When Next Frontier Capital opened an office in Missoula this year, the decision was driven by the city’s growing number of early startups. At the time, four of the firm’s 12 investments were located in Missoula, though “great potential” remained untapped.
The arrival of Next Frontier has helped propel Montana up the list of states with access to venture capital, itself a sign of early startup activity and a growing undercurrent of entrepreneurship.
For those who have helped drive that growth, the changes are both welcome and long overdue.
“Montana has made huge progress in access to venture capital,” said Christina Henderson, executive director of the Montana High Tech Business Alliance. “In 2015, Montana was last in the nation for venture capital dollars invested, literally behind Puerto Rico and 49 other states.”
The High Tech Business Alliance launched in 2014 with a goal of supporting growth in the state’s technology sector and the high-paying jobs it generally creates.
Nearly five years later, Montana’s tech industry is growing nine times faster than the state economy while generating more than $1.7 billion in annual revenue. Access to venture capital has helped drive that growth, Henderson said.
“Having a Montana-based capital fund has opened up a lot of opportunity in that there’s local VC available to vet deals and identify growth opportunities,” said Henderson. “In addition to the local money invested, it also has attracted more out-of-state investment.”
Back in 2015, Montana lagged behind the nation in access to venture capital, limiting growth in the state’s early startups. While this year’s figures aren’t yet in, the state improved its standing in 2017 by netting roughly $83 million in venture capital investments.
That outpaces North and South Dakota, Wyoming, Iowa, Alabama, Vermont, New Hampshire and Rhode Island. Still, it lags behind other surrounding states, including Idaho, which netted $128 million in capital, and Washington with its $1.8 billion.
“What it all boils down to is a lot more local investment in Montana, more wealth into the state, and more high-paying jobs,” Henderson said. “We’re seeing more early stage companies get money that’s allowing them to ramp up in the beginning, and we’re seeing these more established companies access growth capital, allowing them to grow more significantly.”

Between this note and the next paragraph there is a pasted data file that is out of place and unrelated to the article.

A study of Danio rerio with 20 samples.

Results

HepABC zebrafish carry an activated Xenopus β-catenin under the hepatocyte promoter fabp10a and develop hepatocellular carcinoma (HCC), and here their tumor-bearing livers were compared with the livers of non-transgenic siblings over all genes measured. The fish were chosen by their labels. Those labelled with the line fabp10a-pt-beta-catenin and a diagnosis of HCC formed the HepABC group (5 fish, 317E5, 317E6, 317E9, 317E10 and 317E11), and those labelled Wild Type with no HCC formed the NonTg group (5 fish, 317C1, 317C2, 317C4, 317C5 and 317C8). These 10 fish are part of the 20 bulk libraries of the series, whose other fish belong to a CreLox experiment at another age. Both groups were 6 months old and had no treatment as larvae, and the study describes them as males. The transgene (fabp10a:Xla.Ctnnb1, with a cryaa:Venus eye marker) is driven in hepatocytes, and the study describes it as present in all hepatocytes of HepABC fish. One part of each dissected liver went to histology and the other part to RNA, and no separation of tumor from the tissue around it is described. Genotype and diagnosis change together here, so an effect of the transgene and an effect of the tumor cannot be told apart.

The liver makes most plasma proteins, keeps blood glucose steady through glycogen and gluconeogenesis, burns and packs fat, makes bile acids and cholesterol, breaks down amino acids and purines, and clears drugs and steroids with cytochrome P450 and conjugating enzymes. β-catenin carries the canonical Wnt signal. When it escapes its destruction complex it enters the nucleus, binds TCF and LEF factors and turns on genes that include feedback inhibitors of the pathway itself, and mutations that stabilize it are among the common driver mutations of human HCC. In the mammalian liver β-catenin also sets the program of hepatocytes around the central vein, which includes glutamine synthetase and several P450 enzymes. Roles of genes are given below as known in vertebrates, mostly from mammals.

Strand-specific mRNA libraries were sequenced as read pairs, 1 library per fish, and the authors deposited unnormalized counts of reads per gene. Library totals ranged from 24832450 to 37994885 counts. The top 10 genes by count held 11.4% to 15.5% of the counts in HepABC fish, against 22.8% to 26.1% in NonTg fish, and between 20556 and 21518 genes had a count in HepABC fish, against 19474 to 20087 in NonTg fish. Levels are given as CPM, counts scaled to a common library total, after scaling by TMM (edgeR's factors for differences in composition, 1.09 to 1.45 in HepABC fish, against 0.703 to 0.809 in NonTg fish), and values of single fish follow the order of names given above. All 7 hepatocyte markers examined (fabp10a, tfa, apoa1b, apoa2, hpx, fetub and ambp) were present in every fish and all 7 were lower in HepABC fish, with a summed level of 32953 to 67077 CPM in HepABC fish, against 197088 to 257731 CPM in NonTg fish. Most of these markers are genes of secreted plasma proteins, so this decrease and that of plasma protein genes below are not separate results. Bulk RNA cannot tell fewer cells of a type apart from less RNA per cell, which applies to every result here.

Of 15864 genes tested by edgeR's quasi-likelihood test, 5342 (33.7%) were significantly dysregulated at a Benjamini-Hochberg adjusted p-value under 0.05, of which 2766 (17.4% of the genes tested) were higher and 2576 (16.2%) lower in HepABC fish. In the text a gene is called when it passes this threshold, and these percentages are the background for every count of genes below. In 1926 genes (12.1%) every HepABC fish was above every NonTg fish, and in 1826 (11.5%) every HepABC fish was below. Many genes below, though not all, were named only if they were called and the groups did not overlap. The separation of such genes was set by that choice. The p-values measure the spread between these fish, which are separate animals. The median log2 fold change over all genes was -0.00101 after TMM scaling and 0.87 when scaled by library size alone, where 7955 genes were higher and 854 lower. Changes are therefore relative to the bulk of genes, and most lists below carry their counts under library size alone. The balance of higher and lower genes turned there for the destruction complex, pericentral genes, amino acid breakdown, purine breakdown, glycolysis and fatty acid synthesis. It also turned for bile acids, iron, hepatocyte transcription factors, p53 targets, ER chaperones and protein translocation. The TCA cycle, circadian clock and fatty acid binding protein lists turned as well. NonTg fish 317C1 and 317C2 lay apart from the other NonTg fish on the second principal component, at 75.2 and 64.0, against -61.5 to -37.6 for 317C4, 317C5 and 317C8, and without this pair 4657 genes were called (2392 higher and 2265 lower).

OnX of Missoula scored one of the larger growth investments this year when it closed on a $20.3 million round of funding from Summit Partners in California. It’s now ranked as Montana’s most valuable venture-backed company with a valuation of roughly $120 million, according to Pitchbook.
Other Missoula-based companies including Submittable, Clearas and Orbital Shift have received venture funding from Next Frontier, as has onX. Such investments tend to lift all boats, said Tom Stergios, senior vice president of strategy and corporate development for ATG in Missoula.
“It’s great to be on the investor map,” Stergios said. “We’ve been underserved in that area relative to all the other Western states. Not all investments are going to work out, but it’s great because we’ve got a lot of entrepreneurial talent in the state and access to capital isn’t a bad thing.”
ATG of Missoula may lead the way in 2019 among tech companies poised for growth. The firm was recently acquired by Cognizant and is now looking to grow its Missoula workforce several fold.
Stergios said Missoula’s density of tech talent is reaching critical mass, something that pairs well with the growing number of venture capital investments made in Montana companies.
“Slowly, we’re creating more tech leadership density in Missoula and across western Montana, which is great,” said Stergios. “For the longest time, we didn’t have the critical mass of good tech leaders in the state. They were all focused in Bozeman.
“But now, successful companies are sprouting up all over Montana, and they’re not being narrow-minded in their own success. They’re all trying to figure out how to help each other out.”